Monday, January 12, 2009

Goldwater Institute: Alternative certification= more minority teachers + larger learning gains

By Matthew Ladner, Ph.D.

A couple of weeks ago I examined evidence showing that teacher certification does almost nothing to ensure student learning gains. Today, let's look at evidence from the Director of the Harvard Program on Education Policy and Governance (PEPG) Paul Peterson and research associate Daniel Nadler's new Education Next piece on certification. Peterson and Nadler ask: What happens when you have genuine alternative certification? Answer: An increase in minority teachers and larger student learning gains.

Peterson and Nadler show that the 21 states that have implemented more than symbolic alternative teacher certification have made larger than average gains on NAEP. Arizona falls into the category of having symbolic alternative certification that still requires would-be teachers to take (apparently worthless for improving student learning) college classes in education in order to teach.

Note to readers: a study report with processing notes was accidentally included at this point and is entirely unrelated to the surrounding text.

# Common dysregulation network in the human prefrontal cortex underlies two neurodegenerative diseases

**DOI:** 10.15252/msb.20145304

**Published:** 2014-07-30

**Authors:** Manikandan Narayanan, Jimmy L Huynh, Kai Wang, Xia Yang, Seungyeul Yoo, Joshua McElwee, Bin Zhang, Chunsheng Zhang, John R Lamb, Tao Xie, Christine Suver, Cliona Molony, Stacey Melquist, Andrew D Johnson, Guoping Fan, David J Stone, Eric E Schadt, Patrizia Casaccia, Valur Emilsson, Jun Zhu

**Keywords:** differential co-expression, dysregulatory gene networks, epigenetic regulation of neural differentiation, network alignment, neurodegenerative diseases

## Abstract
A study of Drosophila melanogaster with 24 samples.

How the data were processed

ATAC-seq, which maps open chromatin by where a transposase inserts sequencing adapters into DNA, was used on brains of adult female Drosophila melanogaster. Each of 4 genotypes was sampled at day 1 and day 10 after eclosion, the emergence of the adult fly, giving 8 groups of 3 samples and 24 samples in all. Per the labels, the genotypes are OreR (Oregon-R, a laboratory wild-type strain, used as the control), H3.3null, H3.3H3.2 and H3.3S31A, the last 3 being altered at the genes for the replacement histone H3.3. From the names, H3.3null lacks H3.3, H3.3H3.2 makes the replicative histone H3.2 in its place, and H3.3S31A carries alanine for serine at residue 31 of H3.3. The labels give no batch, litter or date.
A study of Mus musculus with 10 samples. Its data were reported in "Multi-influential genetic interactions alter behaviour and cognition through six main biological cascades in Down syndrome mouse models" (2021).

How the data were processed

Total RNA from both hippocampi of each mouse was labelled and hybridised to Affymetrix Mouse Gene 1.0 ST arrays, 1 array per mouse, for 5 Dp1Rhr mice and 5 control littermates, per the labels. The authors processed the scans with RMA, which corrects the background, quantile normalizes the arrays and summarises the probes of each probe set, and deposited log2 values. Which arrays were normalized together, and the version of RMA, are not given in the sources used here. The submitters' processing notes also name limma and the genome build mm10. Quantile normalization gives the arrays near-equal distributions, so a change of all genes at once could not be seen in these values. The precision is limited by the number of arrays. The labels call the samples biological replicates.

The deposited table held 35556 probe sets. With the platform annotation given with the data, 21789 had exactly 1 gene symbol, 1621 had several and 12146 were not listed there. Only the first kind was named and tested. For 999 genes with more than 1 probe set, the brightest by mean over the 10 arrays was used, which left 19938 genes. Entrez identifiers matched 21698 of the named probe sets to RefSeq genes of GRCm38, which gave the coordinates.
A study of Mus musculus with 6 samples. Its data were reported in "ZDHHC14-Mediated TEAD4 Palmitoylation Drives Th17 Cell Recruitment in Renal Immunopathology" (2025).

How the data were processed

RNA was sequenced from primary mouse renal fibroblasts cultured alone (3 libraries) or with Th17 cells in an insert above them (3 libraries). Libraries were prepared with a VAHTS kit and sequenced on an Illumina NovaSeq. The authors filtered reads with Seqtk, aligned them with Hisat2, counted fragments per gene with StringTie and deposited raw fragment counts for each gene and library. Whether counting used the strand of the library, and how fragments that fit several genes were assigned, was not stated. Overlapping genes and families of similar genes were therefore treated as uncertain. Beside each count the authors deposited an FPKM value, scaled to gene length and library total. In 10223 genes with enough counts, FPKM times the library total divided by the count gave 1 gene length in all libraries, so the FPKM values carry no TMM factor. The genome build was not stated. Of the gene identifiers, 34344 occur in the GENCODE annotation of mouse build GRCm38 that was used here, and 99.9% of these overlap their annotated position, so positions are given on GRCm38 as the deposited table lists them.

Peterson and Nadler also show evidence that states with genuine alternative certification routes have succeeded in hiring more African Americans and Hispanics and getting them into the classroom.

Once again, a comparison between Florida and Arizona is instructive. Florida is a leader in alternative certification, getting half of their new teachers through alternative routes. Florida clobbers Arizona in the student learning gains department. They also do so with a teacher workforce much more representative of the ethnic diversity of their adult population as illustrated in figure 2.

I've said it before and I'll say it again: I'll have what Florida's having.

Dr. Matthew Ladner is vice president of research at the Goldwater Institute.